Forget Freud. Today, we’re snooping around the personal archives of Richard von Krafft-Ebing, a 19th century psychoanalyst and sexologist extraordinaire who history has often been forgotten despite his groundbreaking research in sexual pathology. His chef d’oeuvre is undoubtedly Psychopathia Sexualis, the book that made jaws drop across Europe in 1886 and the first-ever scientific study on sexual deviation. “For almost one hundred years,” explains psychologist and sex researcher Dr. Joseph LoPiccolo, it “stood as the world’s most informative volume on the subject of sexual deviation.”
Krafft-Ebing’s research preceded Freud’s by decades, and Sexualis included over 238 case studies exploring “sexually deviant activities” like sadism, masochism, fetishism and more. Plus, he coined the term “anilingus”.
A book to make you blush, no doubt — but Krafft-Ebing took his kinky content very seriously, explaining that it was intended for “study in the domains of natural philosophy and medical jurisprudence.” On the surface, he appeared every bit the prim and proper academic, living a quiet, conventional life with his wife Marie-Louise…
Then, after his death in 1902, a series of raunchy post-cards and photos were found randomly among the papers in his personal library. The archives themselves only went on display a few years ago for an exhibit at the Wellcome Collection museum in London, and they’re actually the only archives we have from the eccentric sexologist (whose seminars were described as “showy,” “glamorous” and “highly sensational”). “The photographs must have been taken in the second half of the nineteenth century, but they were never published or discussed in writing. Visitors immediately noted the elaborate studio setting and the careful selection of props and costumes,” noted Dr Jana Funke. There’s also some spanking, blindfolding, and quite a bit of cross-dressing in the small collection…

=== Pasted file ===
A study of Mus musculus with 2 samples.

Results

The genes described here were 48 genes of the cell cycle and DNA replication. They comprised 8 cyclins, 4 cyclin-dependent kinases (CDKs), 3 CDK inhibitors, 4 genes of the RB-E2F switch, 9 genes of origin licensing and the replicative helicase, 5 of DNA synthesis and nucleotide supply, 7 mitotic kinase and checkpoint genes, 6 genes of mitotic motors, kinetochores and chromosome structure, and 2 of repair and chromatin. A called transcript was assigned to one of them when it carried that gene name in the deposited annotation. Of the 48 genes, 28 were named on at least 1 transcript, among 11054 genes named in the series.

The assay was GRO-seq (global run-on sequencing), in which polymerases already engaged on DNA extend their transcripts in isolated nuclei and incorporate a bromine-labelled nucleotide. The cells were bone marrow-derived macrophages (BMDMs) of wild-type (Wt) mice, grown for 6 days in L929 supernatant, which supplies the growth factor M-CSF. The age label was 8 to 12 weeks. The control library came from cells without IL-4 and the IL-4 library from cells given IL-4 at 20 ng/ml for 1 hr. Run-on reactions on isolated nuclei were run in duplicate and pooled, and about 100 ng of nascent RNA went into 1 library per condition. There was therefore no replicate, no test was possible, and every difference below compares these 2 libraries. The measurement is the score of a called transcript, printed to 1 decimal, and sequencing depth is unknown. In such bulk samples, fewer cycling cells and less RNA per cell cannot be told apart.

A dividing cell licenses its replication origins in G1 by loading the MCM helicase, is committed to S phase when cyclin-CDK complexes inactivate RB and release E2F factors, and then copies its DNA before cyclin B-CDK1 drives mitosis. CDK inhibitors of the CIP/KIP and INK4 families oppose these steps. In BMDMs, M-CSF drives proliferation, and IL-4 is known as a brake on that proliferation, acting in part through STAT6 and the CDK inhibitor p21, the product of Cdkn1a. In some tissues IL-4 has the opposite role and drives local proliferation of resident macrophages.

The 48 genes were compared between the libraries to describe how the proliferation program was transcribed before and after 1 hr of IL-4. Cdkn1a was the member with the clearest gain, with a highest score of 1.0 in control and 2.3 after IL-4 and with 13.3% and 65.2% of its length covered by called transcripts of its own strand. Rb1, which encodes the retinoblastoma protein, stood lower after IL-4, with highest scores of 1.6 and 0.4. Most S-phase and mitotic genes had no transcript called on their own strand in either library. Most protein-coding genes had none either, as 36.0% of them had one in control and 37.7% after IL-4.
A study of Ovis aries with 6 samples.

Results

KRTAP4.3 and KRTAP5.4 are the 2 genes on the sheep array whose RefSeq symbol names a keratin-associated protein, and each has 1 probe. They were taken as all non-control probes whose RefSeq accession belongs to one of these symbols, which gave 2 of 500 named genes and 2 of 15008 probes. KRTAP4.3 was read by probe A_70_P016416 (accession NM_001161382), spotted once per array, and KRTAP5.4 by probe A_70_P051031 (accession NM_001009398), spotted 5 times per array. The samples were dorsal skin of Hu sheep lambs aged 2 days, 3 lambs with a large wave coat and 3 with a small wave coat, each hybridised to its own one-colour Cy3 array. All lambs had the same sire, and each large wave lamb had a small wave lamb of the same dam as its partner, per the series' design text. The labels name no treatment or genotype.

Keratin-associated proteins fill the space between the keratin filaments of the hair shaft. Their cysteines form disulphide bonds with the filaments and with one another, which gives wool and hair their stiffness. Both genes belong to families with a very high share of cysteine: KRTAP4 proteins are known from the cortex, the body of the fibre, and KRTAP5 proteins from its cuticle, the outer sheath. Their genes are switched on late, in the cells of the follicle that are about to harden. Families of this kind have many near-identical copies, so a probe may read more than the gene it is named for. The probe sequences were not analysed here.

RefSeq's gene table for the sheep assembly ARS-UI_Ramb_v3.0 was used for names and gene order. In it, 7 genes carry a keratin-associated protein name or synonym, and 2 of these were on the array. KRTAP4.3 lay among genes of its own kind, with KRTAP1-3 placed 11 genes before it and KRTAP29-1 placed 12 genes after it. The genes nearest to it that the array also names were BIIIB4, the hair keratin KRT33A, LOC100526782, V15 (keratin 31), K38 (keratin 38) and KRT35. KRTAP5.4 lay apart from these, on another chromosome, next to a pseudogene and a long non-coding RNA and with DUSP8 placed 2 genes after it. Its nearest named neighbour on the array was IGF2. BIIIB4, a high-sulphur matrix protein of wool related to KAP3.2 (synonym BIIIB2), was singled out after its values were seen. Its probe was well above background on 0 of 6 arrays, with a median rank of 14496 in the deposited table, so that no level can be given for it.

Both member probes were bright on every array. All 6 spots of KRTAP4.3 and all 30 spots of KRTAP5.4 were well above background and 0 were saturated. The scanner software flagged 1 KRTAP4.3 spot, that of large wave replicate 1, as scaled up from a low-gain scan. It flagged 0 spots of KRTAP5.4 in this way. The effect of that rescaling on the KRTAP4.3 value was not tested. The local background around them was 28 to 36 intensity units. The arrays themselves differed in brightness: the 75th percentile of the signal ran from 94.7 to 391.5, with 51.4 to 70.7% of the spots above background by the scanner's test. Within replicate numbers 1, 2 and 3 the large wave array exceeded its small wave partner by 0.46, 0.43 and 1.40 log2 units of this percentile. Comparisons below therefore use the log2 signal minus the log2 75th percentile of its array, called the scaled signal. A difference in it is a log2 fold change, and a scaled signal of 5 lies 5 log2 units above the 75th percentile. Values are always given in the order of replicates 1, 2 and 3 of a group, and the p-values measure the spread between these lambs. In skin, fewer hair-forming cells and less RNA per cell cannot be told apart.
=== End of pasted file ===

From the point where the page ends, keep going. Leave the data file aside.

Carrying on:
But the star of the lot is indisputably a man who has come to be known only as “the anonymous cross-dresser”:
“Looking at the images,” explains sexologist Dr. Jana Funke, “we noticed how the photographs had been manipulated: if you look closely, you can see what can best be described as nineteenth-century ‘photo-shopping’. In several of the images, the contours of the hips, bottom and feet are redefined, so as to make the body appear more ‘feminine’.”
Then there’s the question of how on earth he got his hands on the pictures. “Cross-dressing was heavily regulated and even criminalised in many European countries at the time,” says Funke, “We wonder how private these images really were. Perhaps they circulated among a small group of people.” Above all, it makes one wonder if herr doktor was into dressing up himself.
Whether he had them for research or personal pleasure, Krafft-Ebing’s images provide a rare glimpse into often ostracised chapters of history. And although many of his theories have fallen to the wayside today for their archaic nature (i.e. his stance on homosexuality as an illness), he still got the sexology ball rolling with impressive momentum.